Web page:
In a stunning and beautiful letter, thousands of Catholic women are pleading with Pope Francis to break his silence on the charges leveled by Archbishop Carlo Maria Viganò, who alleged that the pope knew of Cardinal McCarrick's abuses and predatory nature, but elevated him instead of sanctioning him or turning him over to authorities.
The letter, originally signed by 53 seminary professors, consecrated women, theologians, missionaries, and mothers of the Church, implores:
Our hearts are broken, our faith tested, by the escalating crisis engulfing our beloved Church. We are angry, betrayed and disillusioned. The pain and suffering of the victims never ends, as each news cycle brings more horrific revelations of sexual abuse, sexual misconduct, cover-ups, and deceit—even at the Church’s highest levels.
The letter goes on to state very clearly the most pressing matter for most Catholics right now:
Archbishop Carlo Maria Viganò’s recent statement impels us to reach out to you directly for answers. His testimony accuses you, Holy Father, and highly placed cardinals of turning a blind eye to former Cardinal McCarrick’s egregious behavior, and promoting this predator as a global spokesman and spiritual leader. Is this true?
Pope Francis refused to comment on Viganò's charge, saying only, “I read the statement this morning, and I must tell you sincerely that, I must say this, to you and all those who are interested: Read the statement carefully and make your own judgment. I will not say a single word on this.”
This non-response bewildered faithful Catholics everywhere who feel it's far past time to break the silence surrounding the sexual abuse and cover-ups plaguing the Church. The Catholic women go on to chastise the pope for so flippantly ignoring their sincere desire to understand the truth:
To your hurting flock, Pope Francis, your words are inadequate. They sting, reminiscent of the clericalism you so recently condemned. We need leadership, truth, and transparency. We, your flock, deserve your answers now.
The women go on to agree with Cardinal DiNardo, who called for an investigation into Viganò's claims. The letter pulls no punches in detailing what needs to be answered, and quickly.
The women explained:
Specifically, we humbly implore you to answer the following questions, as the answers are surely known to you. Archbishop Viganò says that in June 2013 he conveyed to you this message (in essence) about then-Cardinal McCarrick:
“He corrupted generations of seminarians and priests and Pope Benedict ordered him to withdraw to a life of prayer and penance.”
Is this true? What did Archbishop Viganò convey to you in June 2013 about then-Cardinal McCarrick?
When did you learn of any allegations of sexual abuse or sexual misconduct with adults by then-Cardinal McCarrick?
When did you learn of Pope Benedict’s restrictions on then-Cardinal McCarrick?
Did you release then-Cardinal McCarrick from any of Pope Benedict’s restrictions?
Kathryn Jean Lopez, senior fellow at the National Review Institute and editor-at-large of National Review magazine, is one of the original signers of the letter. "The desire was to write to the Holy Father as women who love the Church and her doctrine -- and love him, too," she told PJM. "As someone who tries to read all of his sermons and everything else as best as I can, he frequently talks about the importance of acknowledging sin, bringing darkness to light. It's all part of the Christian journey."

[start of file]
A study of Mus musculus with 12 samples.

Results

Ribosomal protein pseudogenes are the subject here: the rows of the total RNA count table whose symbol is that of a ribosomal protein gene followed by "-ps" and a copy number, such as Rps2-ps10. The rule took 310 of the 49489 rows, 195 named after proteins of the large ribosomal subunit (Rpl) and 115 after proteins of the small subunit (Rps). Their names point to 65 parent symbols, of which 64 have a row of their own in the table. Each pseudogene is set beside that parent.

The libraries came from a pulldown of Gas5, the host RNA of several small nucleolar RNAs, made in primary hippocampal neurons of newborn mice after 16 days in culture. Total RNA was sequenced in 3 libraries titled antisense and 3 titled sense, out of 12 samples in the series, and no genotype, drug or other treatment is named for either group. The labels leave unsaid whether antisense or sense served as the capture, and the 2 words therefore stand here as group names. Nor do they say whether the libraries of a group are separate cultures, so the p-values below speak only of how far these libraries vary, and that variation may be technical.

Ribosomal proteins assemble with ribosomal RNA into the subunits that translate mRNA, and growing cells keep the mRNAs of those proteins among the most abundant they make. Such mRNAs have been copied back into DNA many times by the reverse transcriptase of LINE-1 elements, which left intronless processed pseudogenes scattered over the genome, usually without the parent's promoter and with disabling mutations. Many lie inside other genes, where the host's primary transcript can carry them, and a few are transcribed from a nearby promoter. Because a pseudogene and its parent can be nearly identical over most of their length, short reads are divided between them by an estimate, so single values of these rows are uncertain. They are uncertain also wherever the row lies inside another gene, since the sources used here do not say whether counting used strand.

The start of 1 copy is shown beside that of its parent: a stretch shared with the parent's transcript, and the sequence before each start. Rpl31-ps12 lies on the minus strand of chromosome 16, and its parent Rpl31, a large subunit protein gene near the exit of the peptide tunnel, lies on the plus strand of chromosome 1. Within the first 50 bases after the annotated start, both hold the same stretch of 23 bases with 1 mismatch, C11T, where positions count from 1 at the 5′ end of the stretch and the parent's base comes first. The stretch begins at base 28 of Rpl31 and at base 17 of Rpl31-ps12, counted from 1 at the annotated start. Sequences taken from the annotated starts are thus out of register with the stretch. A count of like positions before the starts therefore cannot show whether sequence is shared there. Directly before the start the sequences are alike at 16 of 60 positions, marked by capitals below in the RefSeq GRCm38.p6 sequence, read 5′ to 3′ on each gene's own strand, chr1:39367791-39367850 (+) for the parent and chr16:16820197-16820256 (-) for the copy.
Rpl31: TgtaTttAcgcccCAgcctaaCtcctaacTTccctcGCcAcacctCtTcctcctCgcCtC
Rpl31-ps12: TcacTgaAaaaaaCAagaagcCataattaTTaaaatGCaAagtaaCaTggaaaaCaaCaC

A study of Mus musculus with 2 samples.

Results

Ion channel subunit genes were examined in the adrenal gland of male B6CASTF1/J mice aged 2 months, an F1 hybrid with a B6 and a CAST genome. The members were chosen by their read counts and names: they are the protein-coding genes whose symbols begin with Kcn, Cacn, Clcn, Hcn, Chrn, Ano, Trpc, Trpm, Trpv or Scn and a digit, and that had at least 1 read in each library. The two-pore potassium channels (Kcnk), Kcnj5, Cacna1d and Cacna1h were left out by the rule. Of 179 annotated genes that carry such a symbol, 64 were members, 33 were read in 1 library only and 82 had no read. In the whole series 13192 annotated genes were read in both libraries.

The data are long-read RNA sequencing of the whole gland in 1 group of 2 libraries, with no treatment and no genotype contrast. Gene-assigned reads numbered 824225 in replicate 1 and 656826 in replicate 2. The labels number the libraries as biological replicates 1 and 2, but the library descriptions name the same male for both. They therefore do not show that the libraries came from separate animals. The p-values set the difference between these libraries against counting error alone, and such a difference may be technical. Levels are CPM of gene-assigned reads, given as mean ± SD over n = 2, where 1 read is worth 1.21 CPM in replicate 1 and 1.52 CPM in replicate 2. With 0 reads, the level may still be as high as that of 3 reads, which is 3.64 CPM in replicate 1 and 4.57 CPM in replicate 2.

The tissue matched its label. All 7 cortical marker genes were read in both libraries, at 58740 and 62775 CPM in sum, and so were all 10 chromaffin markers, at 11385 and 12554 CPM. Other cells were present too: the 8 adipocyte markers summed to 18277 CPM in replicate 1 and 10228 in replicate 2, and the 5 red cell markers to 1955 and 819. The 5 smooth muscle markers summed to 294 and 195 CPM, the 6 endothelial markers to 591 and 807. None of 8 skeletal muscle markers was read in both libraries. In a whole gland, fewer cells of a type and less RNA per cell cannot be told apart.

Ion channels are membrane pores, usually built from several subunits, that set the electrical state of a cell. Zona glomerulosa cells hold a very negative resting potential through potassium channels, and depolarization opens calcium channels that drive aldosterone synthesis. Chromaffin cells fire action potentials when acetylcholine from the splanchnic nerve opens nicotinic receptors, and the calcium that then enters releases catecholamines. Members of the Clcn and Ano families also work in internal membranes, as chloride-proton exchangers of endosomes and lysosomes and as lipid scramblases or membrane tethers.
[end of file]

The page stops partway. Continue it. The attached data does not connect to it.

Embattled Pope Francis 'Has No Intention' of Stepping Down and Is 'Embittered' by Viganò Letter
Lopez left room for misunderstanding of the pope's non-response. "His non-answer answer on the plane back from Ireland the other day was consistent with his style: I think he sees himself as the father who is insisting on all of the fights in the Church happening in daylight for all to see, rather than theological silos," she explained. "But people are confused and that letter is [written by] daughters of the Church -- and many of them seminary professors and women who work in the care and spiritual, intellectual, human formation, [and the] feeding of seminarians and priests -- begging the pope for help here."
When Lopez was interviewed on CBSN this morning, only the original 52 women had signed the letter. A few hours later that number has grown to over 4,000 — and it continues to climb. Lopez says the letter is being sent to the pope and the "women who love the Church and her teachings and seek and live to serve Christ with love who are walking with a lot of devastated Catholics on the sacramental journey and really long for answers."
They are hoping to get them from the Holy Father.
Lopez invites all Catholic women who agree to sign the letter and lend their support to the victims of clerical sexual abuse.
We are wives, mothers, single women, consecrated women, and religious sisters.
We are the mothers and sisters of your priests, seminarians, future priests and religious. We are the Church’s lay leaders, and the mothers of the next generation.
We are professors in your seminaries, and leaders in Catholic chanceries and institutions.
We are theologians, evangelists, missionaries and founders of Catholic apostolates.
We are the people who sacrifice to fund the Church’s good work.
We are the backbone of Catholic parishes, schools, and dioceses.
We are the hands, the feet, and the heart of the Church.
In short, we are the Church, every bit as much as the cardinals and bishops around you.
Holy Father, we are the “incisive presence” the Church needs, and we need your answers.